By all appearances, Rafael Agustin had been the all-American high school student: he was class president, prom king and an honor roll student. But there was one hitch: he was also in the country illegally.
It was a discovery Agustin learned while applying for college in 1998 — before there was a program like the Deferred Action for Childhood Arrivals (DACA).
“I was in shock,” the Ecuador-born writer-performer recalled during a recent phone interview with The Times. “I knew I was an immigrant — I remember a time when I didn’t speak English. But I didn’t know we were undocumented immigrants.”
Agustin, now a U.S. citizen who received his undergraduate and post-graduate degrees from UCLA’s School of Theater, Film & Television, has channeled that experience and created a series inspired by his life about an immigrant family, tentatively titled “Illegal.” The series is in development at the CW and is expected to be an hour-long dramedy that Agustin describes as an edgy Latino version of “The Wonder Years.”
The announcement came a day after the Trump administration’s decision to dismantle DACA, which has provided hundreds of thousands of young immigrants the ability to work legally in the U.S. and a temporary reprieve from deportation.
“Illegal” is one of two immigrant-related series that “Jane the Virgin” star Gina Rodriguez has in development under an overall deal at CBS TV Studios for her I Can & I Will Productions. (The other, “Have Mercy,” is set up at CBS.)
We talked to Rodriguez and Agustin, who currently serves as executive director of Edward James Olmos’ Latino Film Institute Youth Cinema Project, about the dramedy.
What emotions were you feeling last Tuesday when it was announced Trump was dismantling the DACA program?
Rodriguez: For me personally I was just devastated. My heart breaks for these young kids that are just trying. America just seems real brutal these days. Everything that I’ve grown up with and thought America stood for has just been destroyed by this administration time and time again. I’m just so afraid for young kids who fear not having anywhere to go. I just wish I could change it all, but I can’t.
Agustin: I work with a lot of undocumented students and my friends kept texting me what can I do, what can I do? This was literally 10 hours before our [press] release. I didn’t know our release was going out Tuesday. What we had decided as a group — because I have a strong network of undocumented students who are activists — was to try to start to push Congress to pass the DREAM Act again. The only people who can help us at this point is Congress. They have to take action. And I hope that they will.
Why do you think it’s important that this story is told?
Agustin: Because it’s important to understand the complexities of immigration. When people see a face to these issues, it’s different. It doesn’t become villainizing. We’re not fake, shadow people taking jobs.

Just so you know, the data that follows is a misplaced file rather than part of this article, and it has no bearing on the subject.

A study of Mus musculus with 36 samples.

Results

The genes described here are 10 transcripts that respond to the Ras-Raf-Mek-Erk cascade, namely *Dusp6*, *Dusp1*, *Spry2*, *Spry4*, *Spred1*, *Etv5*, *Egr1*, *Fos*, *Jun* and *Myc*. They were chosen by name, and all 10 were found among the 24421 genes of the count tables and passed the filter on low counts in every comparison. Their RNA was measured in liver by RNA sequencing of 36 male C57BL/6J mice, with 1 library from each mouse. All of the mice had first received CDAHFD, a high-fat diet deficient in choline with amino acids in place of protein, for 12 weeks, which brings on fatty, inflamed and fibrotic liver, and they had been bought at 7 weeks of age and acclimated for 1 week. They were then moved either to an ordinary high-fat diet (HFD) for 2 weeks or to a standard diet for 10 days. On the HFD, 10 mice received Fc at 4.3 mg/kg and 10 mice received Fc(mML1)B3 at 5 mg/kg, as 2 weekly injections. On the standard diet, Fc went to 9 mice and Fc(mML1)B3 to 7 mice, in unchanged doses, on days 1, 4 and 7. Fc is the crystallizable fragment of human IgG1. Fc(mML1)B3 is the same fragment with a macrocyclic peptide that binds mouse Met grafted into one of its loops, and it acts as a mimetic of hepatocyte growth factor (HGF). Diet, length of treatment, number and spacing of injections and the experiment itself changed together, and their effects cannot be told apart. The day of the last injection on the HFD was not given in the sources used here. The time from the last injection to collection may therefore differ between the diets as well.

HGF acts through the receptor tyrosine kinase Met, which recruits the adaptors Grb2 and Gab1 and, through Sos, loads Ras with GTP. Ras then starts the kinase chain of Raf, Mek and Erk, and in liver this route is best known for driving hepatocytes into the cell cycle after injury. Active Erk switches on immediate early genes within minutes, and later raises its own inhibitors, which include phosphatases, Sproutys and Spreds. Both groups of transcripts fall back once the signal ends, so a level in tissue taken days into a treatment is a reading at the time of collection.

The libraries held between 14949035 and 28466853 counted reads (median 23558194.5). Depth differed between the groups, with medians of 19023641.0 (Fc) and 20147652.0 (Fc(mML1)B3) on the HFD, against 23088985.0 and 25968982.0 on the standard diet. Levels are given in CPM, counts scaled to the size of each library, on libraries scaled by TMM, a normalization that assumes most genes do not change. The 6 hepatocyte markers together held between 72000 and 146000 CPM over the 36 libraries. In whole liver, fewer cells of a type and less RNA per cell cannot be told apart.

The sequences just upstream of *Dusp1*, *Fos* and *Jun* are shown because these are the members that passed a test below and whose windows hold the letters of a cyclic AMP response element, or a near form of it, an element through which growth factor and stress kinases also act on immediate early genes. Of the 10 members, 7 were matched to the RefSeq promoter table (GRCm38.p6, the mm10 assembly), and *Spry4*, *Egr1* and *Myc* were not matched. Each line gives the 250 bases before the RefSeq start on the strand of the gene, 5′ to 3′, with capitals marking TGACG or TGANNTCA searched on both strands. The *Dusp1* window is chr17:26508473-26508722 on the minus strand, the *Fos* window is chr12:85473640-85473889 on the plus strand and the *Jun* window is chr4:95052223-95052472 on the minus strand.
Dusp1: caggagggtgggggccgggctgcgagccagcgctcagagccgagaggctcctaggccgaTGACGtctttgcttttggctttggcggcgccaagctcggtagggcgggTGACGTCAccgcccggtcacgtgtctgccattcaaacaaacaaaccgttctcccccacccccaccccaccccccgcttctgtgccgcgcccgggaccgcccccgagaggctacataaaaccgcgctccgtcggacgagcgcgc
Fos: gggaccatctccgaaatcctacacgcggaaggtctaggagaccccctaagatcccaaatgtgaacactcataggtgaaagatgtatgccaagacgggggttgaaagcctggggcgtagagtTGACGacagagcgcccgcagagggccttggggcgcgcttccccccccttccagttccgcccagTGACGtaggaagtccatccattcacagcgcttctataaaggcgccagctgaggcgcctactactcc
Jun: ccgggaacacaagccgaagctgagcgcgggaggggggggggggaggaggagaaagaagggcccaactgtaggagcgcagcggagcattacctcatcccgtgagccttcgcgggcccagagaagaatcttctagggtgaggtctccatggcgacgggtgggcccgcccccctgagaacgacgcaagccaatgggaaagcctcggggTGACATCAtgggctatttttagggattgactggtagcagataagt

I’m just so afraid for young kids who fear not having anywhere to go.
— Gina Rodriguez, star of "Jane the Virgin"
Gina, you’ve made it your mission to bring Latino stories to the screen. What sort of responses did you get when news broke about the show?
Rodriguez: I felt like there was so much excitement and relief that somebody was in their corner trying to put their face on-screen and have them be a part of the bigger conversation, and not just constantly hidden in the corner.
When we talk about inclusivity, there are a lot of communities that aren't being discussed. And the Latino community, we have waves of Latinos doing projects — but do they get exposure? I want there to be such a plethora that you have to name us on multiple hands.
I saw a lot of kids in my feed happy that their stories — or at least an aspect — are finally getting told. I’m not just talking about DACA or undocumented. I’m talking about all Latinos in this country wanting to feel present in this country and loved and supported.
Does it feel like there’s greater pressure on the show now?
Agustin: It’s not that it’s a burden, but it’s almost like ‘We’re there with you and we’re going to do this together.’ By no means do we feel a greater pressure to make sure this show moves forward. If anything, we’re so excited to bring it to the masses.
The title could change, but talk about deciding on “Illegal.”
Agustin: I think “illegal” is a horrible, derogatory term and I wanted to address it head-on. I want this show to be a love letter on why we should no longer use this word. Let this show be the way that we as a nation are allowed to atone for our treatment of immigrants because no human being is illegal.
If you could be in a room with Congress — or if you could sit down with those who oppose DACA — what would you say?
Agustin: We as a society will be judged by how we treat our weakest and most vulnerable among us. And we cannot allow prejudice and fear to get in the way of our American values. It’s just that simple.